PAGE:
Editorial: Boo Beinert’s Boycott

We have consistently opposed those who promote boycotts against Israel based on its relations with the Palestinian leaders and territories. In fact, last year we suggested the so-called BDS movement (boycott, divestment, sanctions) should more appropriately be named DLI (delegitimize Israel), as a substantial number of funders and voices of the movement comprise anti-Zionist factions.

Now another voice comes forth from within the Jewish community to propose the legitimacy of boycotts to the extent they are focused only on and against goods and services from the Jewish settlements within the Palestinian territories. This voice is that of Peter Beinert, associate professor at City University of New York and a well-known dissenter from conventional community wisdom (see related story on page 6).


Beinert has been front and center on many issues surrounding Israel. Perhaps most notable is his essay, “The Failure of the American Jewish Establishment,” in the June 10, 2010 New York Review of Books. Beinert posited that a next generation of American Jews—many of whom have a strong bent toward social justice and protection of civil liberties—may over time dissociate from Israel due to the establishment’s support of Israeli government practices that veer away from those values, particularly with regard to the territories.

As one would expect, Beinert was met with quite a broad range of criticism at the time. His underlying premise, however, was not particularly controversial. Whether we like it or not, American Jews are over time likely to see the Palestinian issues presented to them through a prism of social justice, and such a prism could cause younger Jews to blame Israel, rather than Palestinian and Arab leadership, for the plight of those who have suffered in the territories.

We’ve not said the Israeli government is faultless, and we have taken to task the coalition led by Prime Minister Benjamin Netanyahu, and will likely do so down the road. Regardless, the hateful BDS/DLI movement is extremely adept at seeking to label Israel on the wrong side of the debate at every turn. In doing so, it sidesteps the question of why tens of thousands of rockets have been indiscriminately fired into Israel, or why Hamas and its allies foment hate against Israel at every opportunity, or why there’s been more progress in the West Bank, under the leadership of flawed, but economically focused, Fatah than there has been in militant Hamas’ Gaza.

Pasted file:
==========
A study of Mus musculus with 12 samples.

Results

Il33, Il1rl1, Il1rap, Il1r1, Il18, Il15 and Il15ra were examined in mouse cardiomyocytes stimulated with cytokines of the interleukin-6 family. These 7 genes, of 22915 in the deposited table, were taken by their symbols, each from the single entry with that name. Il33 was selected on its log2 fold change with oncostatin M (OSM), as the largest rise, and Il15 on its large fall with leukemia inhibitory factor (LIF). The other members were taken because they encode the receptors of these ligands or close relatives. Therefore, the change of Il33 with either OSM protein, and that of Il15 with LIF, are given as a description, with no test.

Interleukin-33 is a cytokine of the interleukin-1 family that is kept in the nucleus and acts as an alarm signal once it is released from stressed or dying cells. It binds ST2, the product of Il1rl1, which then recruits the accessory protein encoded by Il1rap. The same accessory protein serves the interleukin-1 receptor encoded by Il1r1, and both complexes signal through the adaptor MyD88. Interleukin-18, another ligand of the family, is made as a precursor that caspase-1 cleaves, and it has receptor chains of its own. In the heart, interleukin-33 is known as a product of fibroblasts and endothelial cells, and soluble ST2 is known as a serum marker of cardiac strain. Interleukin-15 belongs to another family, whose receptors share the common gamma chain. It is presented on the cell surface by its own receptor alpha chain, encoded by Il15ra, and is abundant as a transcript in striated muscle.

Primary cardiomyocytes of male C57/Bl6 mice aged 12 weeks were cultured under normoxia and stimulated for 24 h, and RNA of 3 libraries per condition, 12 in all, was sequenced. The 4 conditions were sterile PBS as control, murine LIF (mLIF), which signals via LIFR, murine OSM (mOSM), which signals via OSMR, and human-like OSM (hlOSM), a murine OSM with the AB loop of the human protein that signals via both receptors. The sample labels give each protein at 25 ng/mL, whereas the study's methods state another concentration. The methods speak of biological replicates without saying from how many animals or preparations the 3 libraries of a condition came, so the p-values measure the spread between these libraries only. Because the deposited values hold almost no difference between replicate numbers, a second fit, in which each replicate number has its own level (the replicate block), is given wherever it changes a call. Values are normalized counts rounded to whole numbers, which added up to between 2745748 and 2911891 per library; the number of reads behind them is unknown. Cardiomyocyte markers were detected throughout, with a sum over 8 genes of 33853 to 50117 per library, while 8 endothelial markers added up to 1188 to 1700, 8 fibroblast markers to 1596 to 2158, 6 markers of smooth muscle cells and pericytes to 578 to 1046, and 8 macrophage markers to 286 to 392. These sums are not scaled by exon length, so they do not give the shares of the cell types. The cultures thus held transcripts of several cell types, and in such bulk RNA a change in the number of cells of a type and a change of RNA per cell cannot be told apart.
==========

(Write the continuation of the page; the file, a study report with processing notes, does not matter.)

Then this month, in the New York Times on March 18, Beinert lit another firestorm. He creates a distinction between “democratic Israel”—that is to say, the entity within the Green Line and outside the territories—and “nondemocratic Israel,” namely, the settlements. And he advocates for a boycott of the latter: “We should lobby to exclude settler-produced goods from America’s free-trade deal with Israel. We should push to end Internal Revenue Service policies that allow Americans to make tax-deductible gifts to settler charities. Every time an American newspaper calls Israel a democracy, we should urge it to include the caveat: only within the green line.”

This approach has realized condemnation from a very wide range of Jewish voices across the political spectrum. Included are not only the non-surprises like Jeffrey Goldberg and Abe Foxman, but also the leftist J Street, whose leader Jeremy Ben-Ami thinks the tactic simply won’t work as it will entrench settlers who will even more fervently believe the world is against them.

We agree that economic boycotts against Jews are wrong on a variety of levels, but we find the rationale Beinert puts forth absurd almost beyond belief.

Does Beinert really think that because he dubs a limited boycott “legitimate” that Israel’s enemies will congratulate American Jewry for its fine and logical distinctions? That’s wishing on a world that doesn’t exist. No, once a boycott’s in place, anti-Zionists will immediately plot how to break down the walls between the so-called “democratic” and “nondemocratic” Israels. In fact, Ali Abunimah, founder of Electronic Intifada, already issued this missive: “Peter Beinart is trying to save a fictitious ‘democratic’ Israel.” ‘Nuff said.

To think as Beinert does that everyone will honor his distinction is foolish and naïve. To the majority who don’t focus on fine lines, a boycott is a boycott, and once it has a firmly entrenched toehold, the unintended consequences will take over, leaving Beinert’s intellectual razor about as sharp as a soggy washcloth.

Beinert’s proposal, no matter how well intentioned, is a powder keg in search of a vitriolic, anti-Israel match. There are far too many of those out there already.